After confessing to thinking the credit crisis was a trifling inconvenience, the chairman ponders the comparison between a highly-regarded fund manager and an eight-foot Wookie.

“We won’t be talking about ‘Lehman Brothers – one year on’ today, will we?” sighed the chairman of the implausibly-sized investment company Second Coming Asset Management as we met for a pint or two of We Don’t Need Advisers Telling Us How To Run Our Business at The Always Such A Clever And Commercially Sensible Quote To Get In Print.

“Good grief no,” I replied. “I’m sure you’re as tired of offering opinions on the subject as I am of seeking them. Anyway, I think we’re all agreed that any vague lessons to be taken from the last year – for example, that excessive borrowing, excessive lending or excessive bonuses may not always be A Good Thing – have been well and truly learnt by those who should learn them.

“In fact, it’s fair to say that, while we may have been through the mill a bit, all is now well in the wonderful world of finance and the Credit Crisis was just a bit of a damp squib.” “Well, exactly,” nodded the chairman. “It was a storm in a teacup really and I’m delighted everybody can now get back to rising stockmarkets and business as usual.”

“Um … I was sort of being ironic about the lessons learnt and the dampness of the Credit Crunch squib,” I said slowly. “Well … er … so … was … I,” lied the chairman even more slowly. “But we seem to have strayed onto Lehman territory even though we said we wouldn’t. So what were you really wanting to chat about?”

“I was thinking about asking you how global Second Coming Asset Management is these days,” I replied. “You mean aside from the back-office in Basildon?” asked the chairman. “Oh – and the little accountant we used to use occasionally in the States until we discovered he’d been moonlighting for that young scamp Bernie Madoff?”

“Aside from those,” I nodded. “You see, I’m trying to work out if Scam could be the sort of fund group that might be targeted by an ambitious young chap looking to take on a global marketing role in his next job.” “Oh him,” said the chairman. “Well, regardless of how global Scam may or may not be, my understanding is, in his case, we might be joining a bit of a queue,”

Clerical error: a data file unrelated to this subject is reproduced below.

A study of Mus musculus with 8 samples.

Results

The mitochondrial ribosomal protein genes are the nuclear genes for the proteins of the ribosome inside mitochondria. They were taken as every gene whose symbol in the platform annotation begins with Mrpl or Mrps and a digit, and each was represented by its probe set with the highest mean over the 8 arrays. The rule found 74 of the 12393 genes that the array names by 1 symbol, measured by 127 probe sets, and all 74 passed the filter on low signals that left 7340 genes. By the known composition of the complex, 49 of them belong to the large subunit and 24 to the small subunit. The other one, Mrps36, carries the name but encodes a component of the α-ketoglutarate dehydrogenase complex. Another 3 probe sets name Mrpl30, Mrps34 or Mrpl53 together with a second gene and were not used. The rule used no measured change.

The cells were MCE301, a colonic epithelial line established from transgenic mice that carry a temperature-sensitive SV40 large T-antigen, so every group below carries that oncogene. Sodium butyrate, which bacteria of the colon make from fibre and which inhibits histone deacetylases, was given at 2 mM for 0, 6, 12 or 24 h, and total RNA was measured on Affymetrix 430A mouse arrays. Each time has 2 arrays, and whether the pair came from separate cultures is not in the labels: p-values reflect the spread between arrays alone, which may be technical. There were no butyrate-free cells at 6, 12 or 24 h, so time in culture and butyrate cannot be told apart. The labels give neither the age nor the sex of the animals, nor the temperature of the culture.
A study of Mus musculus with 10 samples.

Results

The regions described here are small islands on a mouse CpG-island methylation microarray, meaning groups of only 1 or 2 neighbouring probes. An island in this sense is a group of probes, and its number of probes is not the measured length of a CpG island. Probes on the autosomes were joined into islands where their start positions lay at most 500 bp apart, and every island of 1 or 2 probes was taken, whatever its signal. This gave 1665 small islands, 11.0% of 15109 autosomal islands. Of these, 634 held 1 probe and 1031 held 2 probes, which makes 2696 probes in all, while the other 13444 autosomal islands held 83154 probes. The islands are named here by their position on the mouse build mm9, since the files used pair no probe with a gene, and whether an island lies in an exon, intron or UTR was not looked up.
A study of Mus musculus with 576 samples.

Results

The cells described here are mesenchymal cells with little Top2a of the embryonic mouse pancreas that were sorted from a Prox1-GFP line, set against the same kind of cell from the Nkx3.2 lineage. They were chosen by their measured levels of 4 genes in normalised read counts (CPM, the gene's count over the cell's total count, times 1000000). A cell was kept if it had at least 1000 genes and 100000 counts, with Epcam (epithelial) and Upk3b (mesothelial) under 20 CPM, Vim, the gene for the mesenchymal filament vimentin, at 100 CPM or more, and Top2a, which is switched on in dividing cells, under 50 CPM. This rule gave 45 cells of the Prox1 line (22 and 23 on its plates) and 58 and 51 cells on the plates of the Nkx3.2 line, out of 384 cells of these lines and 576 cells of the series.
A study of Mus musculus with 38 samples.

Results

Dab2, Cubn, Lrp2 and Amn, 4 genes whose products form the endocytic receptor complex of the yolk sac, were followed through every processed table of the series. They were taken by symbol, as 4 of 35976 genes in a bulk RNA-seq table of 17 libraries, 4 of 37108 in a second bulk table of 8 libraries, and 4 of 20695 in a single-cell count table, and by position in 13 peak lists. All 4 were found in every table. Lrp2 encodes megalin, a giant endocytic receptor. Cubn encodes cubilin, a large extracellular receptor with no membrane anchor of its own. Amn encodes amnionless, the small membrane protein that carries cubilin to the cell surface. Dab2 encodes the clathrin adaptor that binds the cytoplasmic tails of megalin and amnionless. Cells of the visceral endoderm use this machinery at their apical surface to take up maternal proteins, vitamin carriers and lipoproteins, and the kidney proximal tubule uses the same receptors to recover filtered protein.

“I’ve heard that line too,” I admitted. “But then I’ve heard a few lines on the length of that particular line … um … if you know what I mean. Either way, surely Scam couldn’t pass up the opportunity of talking to someone who is responsible – or at the very least – partly responsible for bringing the Chewbacca Defence to UK fund management.”

“Do you know, I don’t think I’m familiar with that one,” said the chairman. “Perhaps you could enlighten me.” “It would be my pleasure,” I replied. “Say Scam had some very highly-regarded fund managers …” “Good one,” laughed the chairman. “This is only theoretical,” I said. “Anyway, these managers are renowned for a particular way of running money and one day they resign.

“What do you do? You can’t bring in new star managers with a different process as that’s not why your existing investors placed their cash with you and you can’t employ a sort of diet version of your soon-to-be-former managers as why wouldn’t investors just move to be with the real thing, so to speak. But is there a third option? I suggest this is where you employ the Chewbacca Defence.

“In an episode of South Park, Johnnie Cochran uses the strategy when representing a record company against Chef – initially discussing why an eight-foot Wookie would choose to live on Endor among two-foot tall Ewoks. He suggested this did not make sense and nor did his talking about Chewbacca in the current case.

“He sums up by saying something like ‘Does that make sense? No! Ladies and gentlemen of this supposed jury, it does not make sense! If Chewbacca lives on Endor, you must acquit! The defence rests.” “And you’re suggesting this is comparable to, for example, switching European specialists onto an income fund?” asked the chairman. “The defence rests,” I nodded. “And I didn’t even have to bring up the glove puppet.”